I remember exactly how I felt about a year ago when I saw somebody pull out an electric hand mixer and start whipping the crap out of a batch of boiled potato slices. I cringed, audibly gasped, and prepared myself for gluey, sticky potatoes.
How do you avoid gluey mashed potatoes? First, you have to understand why that happens in the first place. Potato cells are filled with starch granules surrounded by a wall of pectin. When these cells are handled too vigorously, whether by boiling or overzealous mashing, the pectin walls rupture or are sheared apart, spilling out starch which binds with water and turns into a gel or paste. To prevent this, you have to somehow both bind the starch and break the cells apart without rupturing them.
Fortunately, we can use the gelling property of starch to our advantage, as long as we keep the starch gel within the cell walls. The potato starch swells inside the cells when it is cooked in 160° water for around 30 minutes. The temperature is high enough for the starch to do its magic, but not hot enough to dissolve the pectin cell walls. Once the starch has swelled, you can cool the potato slices down either under a cold tap or in the refrigerator. This causes the starch gel to permanently solidify—the starch is now retrograded. Now that the starch is fixed, the potato can be handled more aggressively. The potato slices are then simmered for another 30 minutes at 190° in salted water, hot enough to dissolve the cell walls.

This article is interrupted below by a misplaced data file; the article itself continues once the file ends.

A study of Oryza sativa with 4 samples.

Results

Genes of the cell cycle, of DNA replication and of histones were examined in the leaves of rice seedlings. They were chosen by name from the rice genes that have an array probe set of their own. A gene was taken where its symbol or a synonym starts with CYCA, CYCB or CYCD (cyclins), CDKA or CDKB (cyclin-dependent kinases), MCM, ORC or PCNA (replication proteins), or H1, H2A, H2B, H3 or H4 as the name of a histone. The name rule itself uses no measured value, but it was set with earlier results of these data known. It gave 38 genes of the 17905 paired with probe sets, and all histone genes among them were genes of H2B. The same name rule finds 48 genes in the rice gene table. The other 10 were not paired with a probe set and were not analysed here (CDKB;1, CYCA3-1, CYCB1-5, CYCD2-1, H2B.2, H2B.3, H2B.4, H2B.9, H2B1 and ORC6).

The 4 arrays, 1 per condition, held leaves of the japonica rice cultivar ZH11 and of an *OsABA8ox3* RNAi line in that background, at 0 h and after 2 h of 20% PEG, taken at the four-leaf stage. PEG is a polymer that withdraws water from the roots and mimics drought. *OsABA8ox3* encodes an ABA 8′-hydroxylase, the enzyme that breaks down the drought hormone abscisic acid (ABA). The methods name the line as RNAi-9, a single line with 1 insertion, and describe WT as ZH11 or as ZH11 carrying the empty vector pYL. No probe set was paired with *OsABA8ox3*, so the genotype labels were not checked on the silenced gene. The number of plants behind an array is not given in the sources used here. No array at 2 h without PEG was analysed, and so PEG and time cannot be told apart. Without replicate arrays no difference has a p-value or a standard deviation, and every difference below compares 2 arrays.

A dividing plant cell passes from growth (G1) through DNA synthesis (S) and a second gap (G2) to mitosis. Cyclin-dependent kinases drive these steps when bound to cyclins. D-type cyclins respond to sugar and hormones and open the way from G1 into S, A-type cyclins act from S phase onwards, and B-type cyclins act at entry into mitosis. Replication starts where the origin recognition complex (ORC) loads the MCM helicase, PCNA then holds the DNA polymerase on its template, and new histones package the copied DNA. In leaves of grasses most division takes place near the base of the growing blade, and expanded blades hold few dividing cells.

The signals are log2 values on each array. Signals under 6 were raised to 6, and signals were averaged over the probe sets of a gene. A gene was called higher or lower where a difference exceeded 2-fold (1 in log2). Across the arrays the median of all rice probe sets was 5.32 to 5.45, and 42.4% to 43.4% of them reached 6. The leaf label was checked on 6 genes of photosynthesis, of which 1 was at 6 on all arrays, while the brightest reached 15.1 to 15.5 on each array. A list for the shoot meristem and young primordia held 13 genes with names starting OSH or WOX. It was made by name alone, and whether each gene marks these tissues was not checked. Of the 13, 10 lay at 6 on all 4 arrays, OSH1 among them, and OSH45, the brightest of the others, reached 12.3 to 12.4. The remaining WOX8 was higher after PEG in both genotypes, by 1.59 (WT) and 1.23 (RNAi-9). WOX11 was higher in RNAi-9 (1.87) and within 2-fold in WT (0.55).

At this point, the potatoes can be pureed using your choice of instruments, however I prefer using a potato ricer. A ricer creates a uniformly smooth puree while damaging as few of the cells as possible. Since we retrograded the starch, the danger from cell damage is not as great, so you could use an electric mixer without creating glue, but I find that a ricer is just as easy to use.
Adding butter and milk is purely based on individual taste. I find that there is no point in adding butter unless you can taste it, and that usually ends up being a good guideline. Add enough cold butter until you can taste it. I only add enough milk or cream to modify the texture to my liking. If you salted your water enough during the second simmer, the potatoes should be seasoned properly.
After the puree tastes and feels good, I sometimes pass it through a tamis to ensure that there are no lumps. It is an extra step that is not absolutely necessary, but does make a difference in the final product.
The beauty of these potatoes is that they can be refrigerated and reheated with no deterioration in texture. Everybody has pulled out leftover mashed potatoes before only to find that they have become a potato brick, molded to the container. This technique results in fluffy potatoes at any temperature, even after refrigeration, so is useful for make-ahead dinners or pre-prep. During reheating, a splash of milk can sometimes help to refine the texture.